A discretionary fiscal policy is a monetary policy that is created and initiated by a government entity as a means of dealing with events and trends that are taking place in the economy. Typically, the idea behind this type of policy is to deliberately impact that trend, gradually moving the economy in a direction that is esteemed by government leadership as more beneficial to the jurisdiction. As part of the process, government spending in some areas may be trimmed while it is expanded in other areas, depending on what is required to help bring about the desired result.
One example of how discretionary fiscal policy functions is to consider a nation that is entering into a period of economic recession. In order to slowly turn the situation around and bring about economic recovery, the national government will systematically implement a series of purchases and projects that will at first slow the rate of recession, then eventually restore some degree of stability to the economy. During the process, changes in tax structures may take place, and the government may create national work projects that hire employees displaced during the shutdown of companies in various industries. In some cases, financial aid is granted to specific industries, allowing them to continue operating without the need to lay off large numbers of employees. As a result of the discretionary fiscal policy, unemployment is incrementally reduced, consumer confidence begins to increase, and the economy is stimulated by the gradual upswing in consumer spending.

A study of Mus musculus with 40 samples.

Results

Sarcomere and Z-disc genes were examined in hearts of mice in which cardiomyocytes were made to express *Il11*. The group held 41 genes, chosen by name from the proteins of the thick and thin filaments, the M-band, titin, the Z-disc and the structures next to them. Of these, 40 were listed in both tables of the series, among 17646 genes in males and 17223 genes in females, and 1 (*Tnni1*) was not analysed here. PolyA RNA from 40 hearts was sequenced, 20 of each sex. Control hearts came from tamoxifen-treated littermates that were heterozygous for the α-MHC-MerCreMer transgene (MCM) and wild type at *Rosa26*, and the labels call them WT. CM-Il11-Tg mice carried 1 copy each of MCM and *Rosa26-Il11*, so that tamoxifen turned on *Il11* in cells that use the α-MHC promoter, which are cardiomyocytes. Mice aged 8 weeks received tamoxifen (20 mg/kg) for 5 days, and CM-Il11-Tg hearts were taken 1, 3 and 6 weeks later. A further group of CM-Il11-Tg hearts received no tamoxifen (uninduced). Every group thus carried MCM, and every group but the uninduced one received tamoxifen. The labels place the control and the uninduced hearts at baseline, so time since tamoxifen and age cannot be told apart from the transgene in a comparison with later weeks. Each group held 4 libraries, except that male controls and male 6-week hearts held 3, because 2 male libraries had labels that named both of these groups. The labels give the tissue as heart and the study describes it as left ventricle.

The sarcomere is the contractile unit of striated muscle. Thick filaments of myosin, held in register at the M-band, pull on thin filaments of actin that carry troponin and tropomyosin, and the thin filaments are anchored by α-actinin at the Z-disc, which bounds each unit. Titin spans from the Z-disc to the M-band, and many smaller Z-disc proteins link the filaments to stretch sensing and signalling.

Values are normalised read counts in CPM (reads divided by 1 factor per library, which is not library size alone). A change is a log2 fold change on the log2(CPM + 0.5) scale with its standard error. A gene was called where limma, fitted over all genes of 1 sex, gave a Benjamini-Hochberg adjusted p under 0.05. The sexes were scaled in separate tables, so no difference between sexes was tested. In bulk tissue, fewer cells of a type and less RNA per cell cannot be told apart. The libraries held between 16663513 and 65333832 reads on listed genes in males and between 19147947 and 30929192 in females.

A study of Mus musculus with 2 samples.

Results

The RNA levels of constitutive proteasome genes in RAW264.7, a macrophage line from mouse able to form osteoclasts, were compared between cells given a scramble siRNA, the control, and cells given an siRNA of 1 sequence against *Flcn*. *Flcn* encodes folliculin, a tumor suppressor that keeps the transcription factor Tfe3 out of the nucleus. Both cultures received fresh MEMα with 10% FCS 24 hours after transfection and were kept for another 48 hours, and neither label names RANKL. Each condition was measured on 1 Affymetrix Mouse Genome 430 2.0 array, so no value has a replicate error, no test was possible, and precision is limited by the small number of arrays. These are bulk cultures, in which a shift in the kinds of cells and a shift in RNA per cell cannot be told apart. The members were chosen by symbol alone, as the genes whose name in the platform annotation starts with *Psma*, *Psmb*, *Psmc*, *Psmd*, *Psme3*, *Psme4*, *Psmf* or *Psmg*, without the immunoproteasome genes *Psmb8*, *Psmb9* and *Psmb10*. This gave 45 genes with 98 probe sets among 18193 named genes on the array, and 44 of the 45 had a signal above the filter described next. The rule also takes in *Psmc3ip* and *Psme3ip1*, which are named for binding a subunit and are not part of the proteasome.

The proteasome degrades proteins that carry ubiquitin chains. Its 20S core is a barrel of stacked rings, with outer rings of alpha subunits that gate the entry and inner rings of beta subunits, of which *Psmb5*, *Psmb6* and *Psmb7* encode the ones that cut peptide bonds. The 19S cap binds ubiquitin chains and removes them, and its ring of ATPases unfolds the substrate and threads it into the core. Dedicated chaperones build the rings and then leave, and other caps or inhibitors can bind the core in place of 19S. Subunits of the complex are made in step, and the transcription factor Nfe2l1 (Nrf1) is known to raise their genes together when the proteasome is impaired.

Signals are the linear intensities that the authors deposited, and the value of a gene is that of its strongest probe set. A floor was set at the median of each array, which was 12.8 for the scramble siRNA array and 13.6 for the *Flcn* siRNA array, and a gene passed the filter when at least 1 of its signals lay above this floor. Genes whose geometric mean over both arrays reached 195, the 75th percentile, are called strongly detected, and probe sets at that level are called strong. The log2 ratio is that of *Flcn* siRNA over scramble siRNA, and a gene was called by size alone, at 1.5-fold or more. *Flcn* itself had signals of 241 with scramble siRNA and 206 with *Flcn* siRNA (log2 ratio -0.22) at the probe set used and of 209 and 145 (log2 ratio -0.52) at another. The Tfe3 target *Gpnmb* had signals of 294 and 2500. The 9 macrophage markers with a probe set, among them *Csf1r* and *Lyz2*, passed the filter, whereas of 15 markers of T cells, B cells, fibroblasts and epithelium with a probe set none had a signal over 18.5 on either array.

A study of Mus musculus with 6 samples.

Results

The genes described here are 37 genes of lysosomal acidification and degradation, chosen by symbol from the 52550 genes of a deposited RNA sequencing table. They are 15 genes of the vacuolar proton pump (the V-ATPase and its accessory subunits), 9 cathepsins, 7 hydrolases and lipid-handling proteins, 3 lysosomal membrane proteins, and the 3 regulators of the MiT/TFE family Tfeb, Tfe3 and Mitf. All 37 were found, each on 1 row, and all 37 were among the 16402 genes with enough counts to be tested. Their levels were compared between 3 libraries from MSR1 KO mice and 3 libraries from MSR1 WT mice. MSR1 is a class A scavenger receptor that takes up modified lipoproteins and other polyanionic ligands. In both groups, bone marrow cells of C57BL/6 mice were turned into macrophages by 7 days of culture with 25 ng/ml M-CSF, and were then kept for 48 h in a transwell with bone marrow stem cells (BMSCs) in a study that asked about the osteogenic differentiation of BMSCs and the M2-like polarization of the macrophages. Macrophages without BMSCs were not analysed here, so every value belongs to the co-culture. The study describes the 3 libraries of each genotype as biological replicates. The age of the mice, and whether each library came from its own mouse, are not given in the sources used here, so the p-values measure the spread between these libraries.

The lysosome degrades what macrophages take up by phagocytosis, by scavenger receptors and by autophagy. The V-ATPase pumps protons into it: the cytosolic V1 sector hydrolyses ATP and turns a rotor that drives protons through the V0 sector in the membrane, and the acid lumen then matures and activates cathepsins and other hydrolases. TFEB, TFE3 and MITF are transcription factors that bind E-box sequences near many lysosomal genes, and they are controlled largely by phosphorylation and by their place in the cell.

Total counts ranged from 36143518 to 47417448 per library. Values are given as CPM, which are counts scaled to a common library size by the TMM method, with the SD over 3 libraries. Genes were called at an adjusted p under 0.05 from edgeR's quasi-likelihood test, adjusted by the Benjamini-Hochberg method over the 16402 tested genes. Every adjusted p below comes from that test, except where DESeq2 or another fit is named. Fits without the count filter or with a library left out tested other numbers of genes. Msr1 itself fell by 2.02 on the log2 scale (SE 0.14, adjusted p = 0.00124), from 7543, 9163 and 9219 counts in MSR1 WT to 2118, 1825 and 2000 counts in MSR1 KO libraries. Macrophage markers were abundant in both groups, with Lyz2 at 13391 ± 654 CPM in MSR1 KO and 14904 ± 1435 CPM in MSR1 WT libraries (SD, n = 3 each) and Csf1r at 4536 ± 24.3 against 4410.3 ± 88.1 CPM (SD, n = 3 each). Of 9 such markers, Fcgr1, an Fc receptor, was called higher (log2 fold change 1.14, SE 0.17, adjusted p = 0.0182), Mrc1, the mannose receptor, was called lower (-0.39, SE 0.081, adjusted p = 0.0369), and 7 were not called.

The usual goals of any discretionary fiscal policy are to create an unemployment rate that is as low as possible, maintain a desirable balance between supply and demand, and ensure some degree of stability on the prices of various goods and services while still supporting free enterprise among businesses. In this manner, governments seek to control the course of the economy and ease the nation away from extreme conditions that could undermine the infrastructure of the country. For this reason, the strategies involved will change, based on the current state of the economy and what must be done to move that economy in a more desirable direction.
It is important to note that in most cases, discretionary fiscal policy does not require the drafting of new laws or the need for some type of popular vote on a given issue. Instead, the government will make use of the powers already granted to the government to create and implement policy changes that are within the bounds of current laws and statutes. Those changes are implemented at the discretion of the government, often following a time line that is very specific in terms of when each change is initiated and what circumstances must offer in order for a given change to be placed into action.
While the goals of discretionary fiscal policy are often geared toward protecting the fiscal condition of both citizens and business within the nation by promoting a more stable economy, the processes used are only as good as the assumptions made by those who develop those policies. Should a given policy change not produce the desired results, the need to adjust the plan in some manner will quickly be apparent. Often, this becomes necessary when some factor that was otherwise not readily recognizable is discovered during the process, making it necessary to amend the overall economic plan to respond to the changed economic circumstances.